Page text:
Businesses believe they are communicating well with their customers. Bosses insist they are giving explicit instructions to their employees. Coworkers think they are sharing all the information they have with their colleagues.
“Not so,” says bestselling author Dianna Booher, a pioneer in increasing productivity through effective communication. The lack of straightforward, clear conversation is to blame. In her new book, The Voice Of Authority: 10 Communication Strategies Every Leader Needs to Know (McGraw-Hill/June 2007), Booher tackles the issues of when to communicate, how to do it, and what to say to coworkers, employees, managers, and the public.
She argues that businesses delude themselves by thinking that the dissemination of information – whether on the Internet, through teleconferences, or in meetings – is the same as substantive communication. Booher emphasizes, “Information is not communication.” She identifies symptoms of poor communication in an organization, including:
• Conflicting goals and objectives
• Conflicting priorities and/or schedules
• Turf wars
• Unclear values
• Low morale – employees are doing just enough to “get by”
• Lack of coordination of routine tasks; details “falling between the cracks”
• Gossip and rumors
• “Us” against “them” attitudes and conversations
• Poor team chemistry
• Jargon and “double speak” between departments
Based on her own work with, and observations of, hundreds of businesses, Dianna Booher analyzes what is effective – stressing that honesty, clarity, consistency, and transparency are the keys to effective communication. The ten strategies she reveals in The Voice Of Authority include:
• Is It Correct? – Booher counsels to tell it like it is. No clichés, no lies, and no exaggerations. From the C-suite to the mailroom, truth-telling is key to productivity.
• Is It Complete? – People often give incomplete information because they’re too busy to take the time to do it right and don’t anticipate the ramifications. Whether addressing employees in the midst of a takeover or consumers during a product recall, Booher advises providing complete details in crisis and everyday situations. And the worse the news, the quicker it needs to be shared.
• Is It Clear? – Booher says be specific. Speak and write in simple, plain English. Muddling information creates a sense of phoniness and insincerity, and in some cases foreboding or intimidation.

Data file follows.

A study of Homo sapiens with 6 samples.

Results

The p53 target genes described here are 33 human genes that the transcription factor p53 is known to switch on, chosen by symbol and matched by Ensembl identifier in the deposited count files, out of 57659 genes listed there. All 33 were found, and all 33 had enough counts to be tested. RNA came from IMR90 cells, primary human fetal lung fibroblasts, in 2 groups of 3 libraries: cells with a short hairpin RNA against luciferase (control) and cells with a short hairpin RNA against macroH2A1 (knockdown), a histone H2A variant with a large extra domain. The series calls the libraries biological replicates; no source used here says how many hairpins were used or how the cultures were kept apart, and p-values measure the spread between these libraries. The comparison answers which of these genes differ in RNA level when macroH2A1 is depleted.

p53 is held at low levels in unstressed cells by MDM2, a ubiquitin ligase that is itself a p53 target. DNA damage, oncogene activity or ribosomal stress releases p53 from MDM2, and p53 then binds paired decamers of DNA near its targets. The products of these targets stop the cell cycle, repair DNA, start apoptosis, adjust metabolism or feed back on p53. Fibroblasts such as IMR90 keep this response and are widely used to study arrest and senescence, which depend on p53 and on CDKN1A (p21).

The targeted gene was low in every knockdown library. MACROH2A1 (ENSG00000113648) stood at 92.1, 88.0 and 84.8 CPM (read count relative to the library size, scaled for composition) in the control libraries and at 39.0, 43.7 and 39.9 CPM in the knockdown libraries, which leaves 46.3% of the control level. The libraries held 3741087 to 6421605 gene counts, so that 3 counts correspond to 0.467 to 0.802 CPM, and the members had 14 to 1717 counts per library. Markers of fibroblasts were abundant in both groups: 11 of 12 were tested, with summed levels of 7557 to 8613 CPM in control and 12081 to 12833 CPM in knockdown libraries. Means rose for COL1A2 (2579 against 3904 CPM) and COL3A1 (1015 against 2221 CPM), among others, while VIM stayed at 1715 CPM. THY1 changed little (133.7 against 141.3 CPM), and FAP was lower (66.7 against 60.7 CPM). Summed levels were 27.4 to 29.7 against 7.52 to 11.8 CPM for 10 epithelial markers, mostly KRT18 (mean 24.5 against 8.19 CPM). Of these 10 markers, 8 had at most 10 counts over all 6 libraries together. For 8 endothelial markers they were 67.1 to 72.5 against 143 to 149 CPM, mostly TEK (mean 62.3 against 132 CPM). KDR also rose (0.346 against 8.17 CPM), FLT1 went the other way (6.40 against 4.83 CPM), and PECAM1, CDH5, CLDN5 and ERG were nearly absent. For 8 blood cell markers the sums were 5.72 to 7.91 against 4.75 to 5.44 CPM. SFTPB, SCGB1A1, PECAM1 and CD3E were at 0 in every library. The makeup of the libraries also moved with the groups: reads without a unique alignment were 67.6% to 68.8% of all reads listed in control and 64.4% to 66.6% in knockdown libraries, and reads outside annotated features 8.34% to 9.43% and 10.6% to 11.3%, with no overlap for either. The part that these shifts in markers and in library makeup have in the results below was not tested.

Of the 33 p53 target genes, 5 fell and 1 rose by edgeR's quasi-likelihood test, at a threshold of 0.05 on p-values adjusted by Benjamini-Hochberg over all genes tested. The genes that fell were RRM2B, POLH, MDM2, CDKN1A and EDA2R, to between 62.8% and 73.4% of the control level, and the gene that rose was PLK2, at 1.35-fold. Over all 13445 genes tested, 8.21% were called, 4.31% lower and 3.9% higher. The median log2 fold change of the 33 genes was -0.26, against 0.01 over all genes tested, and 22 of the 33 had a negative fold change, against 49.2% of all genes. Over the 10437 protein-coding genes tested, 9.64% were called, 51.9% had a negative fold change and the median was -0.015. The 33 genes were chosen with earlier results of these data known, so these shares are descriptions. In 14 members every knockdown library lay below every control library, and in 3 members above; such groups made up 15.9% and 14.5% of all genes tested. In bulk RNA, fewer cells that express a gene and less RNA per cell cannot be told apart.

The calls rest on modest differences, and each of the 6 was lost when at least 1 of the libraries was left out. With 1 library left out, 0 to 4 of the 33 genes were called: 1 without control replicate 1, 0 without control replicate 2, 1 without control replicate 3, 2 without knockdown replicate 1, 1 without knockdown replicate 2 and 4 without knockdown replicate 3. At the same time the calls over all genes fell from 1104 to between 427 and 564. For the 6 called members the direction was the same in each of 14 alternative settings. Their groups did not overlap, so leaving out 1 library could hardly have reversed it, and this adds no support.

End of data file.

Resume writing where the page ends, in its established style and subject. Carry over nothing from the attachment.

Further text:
• Is It Purposefully Unclear? – Booher reveals the five communications styles that limit leaders’ effectiveness, at best, and create a climate of paranoia at worst.
• Is It Consistent? – Checking details, enforcing company rules and policies, and following through with rewards or disciplinary action, are essential for communication in the workplace. Consistent, clearly stated guidelines create a level playing field for all employees.
• Are You Credible? – Booher identifies the five things that contribute or detract from a person’s credibility: the look, the language, the likeability factor, character, and competence. From dress and grooming to humor and humility to correctly tendering an apology – all aspects of credibility are addressed.
• Are You Concerned And Connected? – Leaders who show they care about people make a connection. Whether dealing with employees, suppliers, or customers, Booher advises, “Never underestimate the power of engagement.”
• Is It Current? – Speed is the new measure of quality. With one-hour dry-cleaning, thirty-minute pizza delivery, two-minute Lasik surgery, and bloggers protesting air strikes before the planes land, no one wants to wait until tomorrow to find out who the new boss is. Speed of communication is essential in bringing scattered work groups up-to-date on new projects, diffusing rumors, and helping to maintain morale company-wide.
• Does Your Communication Make YOU Look Competent? – Leaders need to know what impression the people who represent them – receptionists, salespeople, and the company spokesperson – are creating. An added bonus of this section is Booher’s list of topics to never put in an email.
• Is It Circular? – Booher reveals why circular communication – going up and down the management chain, across departmental lines, from the day shift to the night shift – should happen routinely, but doesn’t. She offers recommendations on the best ways to institute cross-functional communication in all areas of business.
“Communication is the most vital skill in job-interviewing success. The most frequent complaint employees cite as their reason for leaving an organization. The biggest challenge leaders experience in times of change and upheaval. The most critical component of great
customer service,” says Booher. “It’s all about communication. And success in business is all about how well you communicate – to your coworkers and customers.”